Delete Inquiries?

How To Remove Inquiries From Your Credit Report

Credit Repair Articles - Inquiries

In inquiry is a record that the credit bureaus keep of when a creditor, collector or other company requests a copy of your credit report.

There are two types of inquiries: Hard Inquiries and Soft Inquiries

Hard inquiries can affect your FICO score for up to 12 months, and stay on your credit report for 2 years.

Soft inquiries stay on your report for 2 years but do not affect your credit score.

Hard inquiries hurt your credit. Soft inquiries do not.

If you have a lot of hard inquiries on your credit report it can actually have significant negative impact on your credit. Most of the time a hard inquiry should be in connection with an application for credit by you, the consumer. If you've been a victim of identity theft or have collection accounts on your credit report, you may have unwanted or unauthorized hard inquiries that are hurting your credit score.

So what can you do about these hard inquiries?

The penalty under the FCRA for unauthorized hard inquiries is currently $1,000.

This means that a creditor could be forced to pay you up to $1,000 for each unauthorized inquiry they place.

If you did not apply for credit with a creditor, then they did not have a "permissible purpose" for the inquiry under the FCRA. You can start by writing the creditor a letter saying something like this:

"According to my credit report obtained from Experian, you placed an inquiry on my credit report on [date]. I have never applied for credit with your company. What was your permissible purpose for placing this inquiry on my credit report?"

If the inquiry was due to identity theft, you can use the ID Theft affidavit, police reports, and related documentation to help explain the situation and hopefully get the inquiry removed. It wouldn't hurt to call the creditor as well in this case, and if possible obtain a fax number to send over the documentation.

If the creditor responds to your above request with no permissible purpose and still doesn't remove the inquiry, you can follow up with more correspondence demanding removal of the inquiry and payment of the $1,000 penalty for their violation of the law.

What about collectors who place hard inquiries?

For collectors, their permissible purpose is basically "debt collection". Whether or not hard inquiries SHOULD be allowed by collectors is certainly up for debate. We believe it's wrong because the only real purpose for a collector to place a hard inquiry as opposed to a soft inquiry is to hurt the consumer's credit and finances. It's an example of an anti-consumer aspect of the system. There has been some activity in the courts that indicates other people may agree with this.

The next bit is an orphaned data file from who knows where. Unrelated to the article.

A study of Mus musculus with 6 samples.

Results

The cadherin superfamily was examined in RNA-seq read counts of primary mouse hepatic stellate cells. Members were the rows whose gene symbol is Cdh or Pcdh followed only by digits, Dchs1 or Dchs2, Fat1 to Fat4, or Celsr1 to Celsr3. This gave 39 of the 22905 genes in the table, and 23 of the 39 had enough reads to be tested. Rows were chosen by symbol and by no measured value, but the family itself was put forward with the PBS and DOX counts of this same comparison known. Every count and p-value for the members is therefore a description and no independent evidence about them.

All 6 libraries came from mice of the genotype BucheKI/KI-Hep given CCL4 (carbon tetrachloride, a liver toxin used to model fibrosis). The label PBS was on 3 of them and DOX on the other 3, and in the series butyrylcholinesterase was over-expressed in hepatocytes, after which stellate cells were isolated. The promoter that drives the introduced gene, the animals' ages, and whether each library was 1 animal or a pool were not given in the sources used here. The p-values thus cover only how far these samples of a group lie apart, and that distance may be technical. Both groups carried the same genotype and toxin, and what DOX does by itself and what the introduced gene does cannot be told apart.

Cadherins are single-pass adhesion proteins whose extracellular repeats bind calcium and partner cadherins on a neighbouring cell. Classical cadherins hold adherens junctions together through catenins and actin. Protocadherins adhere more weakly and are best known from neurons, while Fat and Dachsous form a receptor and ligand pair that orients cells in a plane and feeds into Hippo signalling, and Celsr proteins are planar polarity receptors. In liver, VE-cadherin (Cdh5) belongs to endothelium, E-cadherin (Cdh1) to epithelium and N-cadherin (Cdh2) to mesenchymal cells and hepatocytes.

For now though, the FCRA does state that "review or collection of an account of the consumer" is a permissible purpose for inquiries (FCRA 604(a)(3)(A)), and until the courts decide otherwise, this applies to hard inquiries too.

So what can be done about them then?

You could still write the collector and ask for a permissible purpose. They might not know that they have one, and until the matter is decided fully in the courts, this can probably be considered enough of a "gray" area to go ahead and challenge the inquiry directly.

Some consumers have reported to us that the indirect tactic of "inquiry bumping" has helped them remove inquiries from their credit reports. I won't go into detail on it here, but the basic idea is that a large number of soft inquiries (such as those generated by credit monitoring services) will cause other inquiries (both hard and soft inquiries) to "fall off" of a person's credit report. The concept makes sense, and may be worth the trouble depending on your situation.

The main thing to remember with inquiries is that they don't last as long as other "negative" items on your credit report, so generally speaking they aren't worth as much effort. With FICO scores they only really affect you for a year so keep this in mind when reviewing your credit reports!